Option agreements - keep your finger on the trigger!
Option agreements are particularly useful in the context of strategic land buying where the developer hedges its bets by taking an option over land which has not been identified for development, but which has a reasonable chance of being allocated or released for development in the future.
Another attraction is that an option might entitle the developer to buy land at a discounted price where the value of the land has not been market tested. Once planning permission has been granted, the landowner may have second thoughts about selling the land at an undervalue, which is when the terms of an option are carefully scrutinised to see if the sale can be avoided.
By looking at the Court of Appeal case of Fishbourne Developments Ltd v Stephens  we will show how important it is to consider the drafting of an option to ensure that it can be exercised, particularly where the original parties have sold on and the current parties no longer agree.
Facts of the case
Fishbourne Developments (F) acquired the benefit of a 2002 option agreement over 117 acres of farm land outside Chichester, now owned by Anne Stephens. The option agreement provided that the option to purchase would be triggered: “if and when the Purchaser obtains a Planning Permission”. F was now the “Purchaser” and Planning Permission was defined in clause 3.5 as “a planning permission granted by the local Planning Authority permitting any development of the Property.”
In 2016, F obtained planning permission for a new pitched roof on one of the agricultural buildings and claimed that this permission was sufficient to comply with clause 3.5. This meant that F could buy the Property (the whole of the farm) at a 30% discount from the open market value.
The High Court took the view that the words “any development of the Property” meant a planning permission for development of the whole or substantially the whole of the property by the erection of a new building or new buildings involving a change of use from agricultural use. Therefore F’s planning permission for the new roof was not sufficient to trigger the option as it did not constitute “development”.
With time running out for F to exercise the option which would expire on 31 December 2020, F appealed to the Court of Appeal who heard the case remotely.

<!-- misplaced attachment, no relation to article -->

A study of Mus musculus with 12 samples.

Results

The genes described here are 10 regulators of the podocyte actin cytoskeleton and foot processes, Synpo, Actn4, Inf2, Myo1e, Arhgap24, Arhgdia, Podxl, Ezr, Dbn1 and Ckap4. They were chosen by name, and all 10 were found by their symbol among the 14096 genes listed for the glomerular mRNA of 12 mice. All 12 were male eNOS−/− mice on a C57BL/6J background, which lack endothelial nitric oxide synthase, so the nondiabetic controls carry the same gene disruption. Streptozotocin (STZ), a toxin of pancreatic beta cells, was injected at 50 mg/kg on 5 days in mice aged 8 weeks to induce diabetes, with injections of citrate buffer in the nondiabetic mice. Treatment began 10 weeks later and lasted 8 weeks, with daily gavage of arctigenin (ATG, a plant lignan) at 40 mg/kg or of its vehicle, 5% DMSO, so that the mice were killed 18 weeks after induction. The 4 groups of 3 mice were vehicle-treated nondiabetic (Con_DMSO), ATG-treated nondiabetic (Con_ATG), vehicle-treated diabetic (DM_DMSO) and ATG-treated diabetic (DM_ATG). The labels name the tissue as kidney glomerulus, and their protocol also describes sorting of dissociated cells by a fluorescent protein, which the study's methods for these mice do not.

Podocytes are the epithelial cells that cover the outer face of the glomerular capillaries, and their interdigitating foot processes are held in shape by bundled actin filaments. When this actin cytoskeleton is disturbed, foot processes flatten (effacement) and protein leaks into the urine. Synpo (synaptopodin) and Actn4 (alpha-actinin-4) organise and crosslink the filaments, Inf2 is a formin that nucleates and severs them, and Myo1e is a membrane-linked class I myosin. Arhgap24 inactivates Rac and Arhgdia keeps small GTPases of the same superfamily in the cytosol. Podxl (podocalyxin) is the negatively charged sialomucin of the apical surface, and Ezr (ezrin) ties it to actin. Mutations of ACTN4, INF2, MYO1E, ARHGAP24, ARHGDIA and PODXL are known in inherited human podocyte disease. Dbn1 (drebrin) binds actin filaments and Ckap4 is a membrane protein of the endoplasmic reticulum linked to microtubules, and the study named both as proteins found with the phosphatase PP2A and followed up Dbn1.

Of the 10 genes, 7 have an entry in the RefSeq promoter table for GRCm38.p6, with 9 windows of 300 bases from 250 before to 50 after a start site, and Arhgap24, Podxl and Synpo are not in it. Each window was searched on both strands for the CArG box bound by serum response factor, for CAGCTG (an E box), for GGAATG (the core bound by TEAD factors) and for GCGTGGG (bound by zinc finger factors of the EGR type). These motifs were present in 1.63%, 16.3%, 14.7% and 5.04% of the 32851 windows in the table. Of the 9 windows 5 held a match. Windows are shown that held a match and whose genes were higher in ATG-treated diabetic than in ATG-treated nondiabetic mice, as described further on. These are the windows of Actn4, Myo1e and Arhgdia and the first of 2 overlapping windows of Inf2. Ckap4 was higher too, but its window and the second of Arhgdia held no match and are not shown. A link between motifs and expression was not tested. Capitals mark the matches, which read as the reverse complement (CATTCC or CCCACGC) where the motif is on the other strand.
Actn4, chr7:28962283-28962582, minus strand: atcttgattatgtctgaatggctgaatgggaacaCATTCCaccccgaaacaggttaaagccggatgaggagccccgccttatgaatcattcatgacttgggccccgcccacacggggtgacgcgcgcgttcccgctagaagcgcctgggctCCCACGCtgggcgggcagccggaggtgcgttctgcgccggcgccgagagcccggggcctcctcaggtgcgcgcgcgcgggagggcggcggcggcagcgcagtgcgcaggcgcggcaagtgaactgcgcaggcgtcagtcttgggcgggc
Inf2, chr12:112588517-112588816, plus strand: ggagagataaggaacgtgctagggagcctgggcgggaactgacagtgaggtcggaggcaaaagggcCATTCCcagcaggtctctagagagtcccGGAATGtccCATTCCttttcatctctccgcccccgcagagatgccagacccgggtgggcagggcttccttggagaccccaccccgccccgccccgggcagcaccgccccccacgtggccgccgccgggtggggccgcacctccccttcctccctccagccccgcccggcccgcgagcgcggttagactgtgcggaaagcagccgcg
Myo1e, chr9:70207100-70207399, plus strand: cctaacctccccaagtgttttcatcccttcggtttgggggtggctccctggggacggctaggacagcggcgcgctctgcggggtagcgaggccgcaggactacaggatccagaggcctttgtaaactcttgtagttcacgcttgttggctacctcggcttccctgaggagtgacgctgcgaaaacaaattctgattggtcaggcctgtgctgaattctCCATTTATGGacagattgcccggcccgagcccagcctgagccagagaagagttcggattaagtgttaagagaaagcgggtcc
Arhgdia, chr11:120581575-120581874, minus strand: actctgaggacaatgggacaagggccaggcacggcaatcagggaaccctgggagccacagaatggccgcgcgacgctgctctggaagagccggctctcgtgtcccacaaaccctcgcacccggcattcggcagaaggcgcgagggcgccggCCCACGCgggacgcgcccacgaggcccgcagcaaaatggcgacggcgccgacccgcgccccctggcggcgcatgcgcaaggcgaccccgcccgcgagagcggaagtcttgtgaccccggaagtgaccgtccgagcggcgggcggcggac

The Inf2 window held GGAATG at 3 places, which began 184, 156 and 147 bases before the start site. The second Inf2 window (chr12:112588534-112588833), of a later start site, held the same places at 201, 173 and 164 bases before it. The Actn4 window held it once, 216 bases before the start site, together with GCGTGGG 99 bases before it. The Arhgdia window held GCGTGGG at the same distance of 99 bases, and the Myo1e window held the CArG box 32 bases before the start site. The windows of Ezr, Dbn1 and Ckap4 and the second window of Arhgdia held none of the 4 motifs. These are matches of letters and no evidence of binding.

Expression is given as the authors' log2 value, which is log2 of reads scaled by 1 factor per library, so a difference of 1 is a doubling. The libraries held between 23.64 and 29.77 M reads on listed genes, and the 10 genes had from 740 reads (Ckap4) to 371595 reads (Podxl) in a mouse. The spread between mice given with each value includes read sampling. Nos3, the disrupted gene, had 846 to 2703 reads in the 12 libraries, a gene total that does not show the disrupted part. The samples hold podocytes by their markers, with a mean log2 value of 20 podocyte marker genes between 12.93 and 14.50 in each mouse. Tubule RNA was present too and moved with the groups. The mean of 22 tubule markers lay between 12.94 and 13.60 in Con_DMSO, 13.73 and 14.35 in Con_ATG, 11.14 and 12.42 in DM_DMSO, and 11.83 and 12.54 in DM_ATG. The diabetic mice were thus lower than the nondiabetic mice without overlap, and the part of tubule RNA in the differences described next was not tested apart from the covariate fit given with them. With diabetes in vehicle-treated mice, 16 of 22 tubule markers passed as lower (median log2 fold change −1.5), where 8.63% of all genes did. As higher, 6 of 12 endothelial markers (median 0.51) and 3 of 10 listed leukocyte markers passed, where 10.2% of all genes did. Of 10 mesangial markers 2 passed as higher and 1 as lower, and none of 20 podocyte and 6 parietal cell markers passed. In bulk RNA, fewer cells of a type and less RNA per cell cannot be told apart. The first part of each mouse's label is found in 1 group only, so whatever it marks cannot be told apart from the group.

Court of Appeal decision
F submitted that “development” meant anything which fell under the wide definition in section 55 of the Town and Country Planning Act 1990, which includes building operations, alterations, demolition as well as material change of use. Accordingly, the erection of the new roof was “development” as per clause 3.5 and so F argued that it could exercise its option.
The Court of Appeal disagreed and dismissed F’s appeal. It held that anyone looking at the 2002 option would not think that it was ever intended that an inconsequential planning permission would constitute “development” as this would make very little commercial sense, bearing in mind the size of the discount and the lack of any overage provision. The court concluded that the words “any development of the Property” meant that planning permission had to be obtained for development of the whole or substantially the whole of the farm. This was consistent with the farm being defined in the option as the “Property”.
We do not know whether much if any legal advice was taken by the original parties before entering into the option agreement and this case serves as a reminder of the consequences of not doing so. There was no doubt that the 2002 option agreement was poorly worded; its main failing being that it did not define what was meant by “development”, leaving the parties to put forward opposing views. This crucial term was capable of more than one interpretation and the court chose the one which made the most sense in the circumstances, even though it was much narrower than the statutory definition.
The events which trigger an option should be carefully considered so the parties do not end up in expensive litigation arguing over the meaning of the terms. The outcome in this case would have been different had the parties considered three main points:
- the specific type of development that would trigger the option, for example, residential development or a wider mixed use;
- whether the option applied to the whole or part of the farm by clarifying the extent of the land included; and
- whether the grant of planning permission would suffice or the physical implementation of it, for example whether reserved matters approvals are to be obtained or pre-commencement conditions discharged.
There are a number of key issues which landowners and developers need to think about when entering into an option agreement and, as this case shows, taking specialist legal advice should not be considered as optional.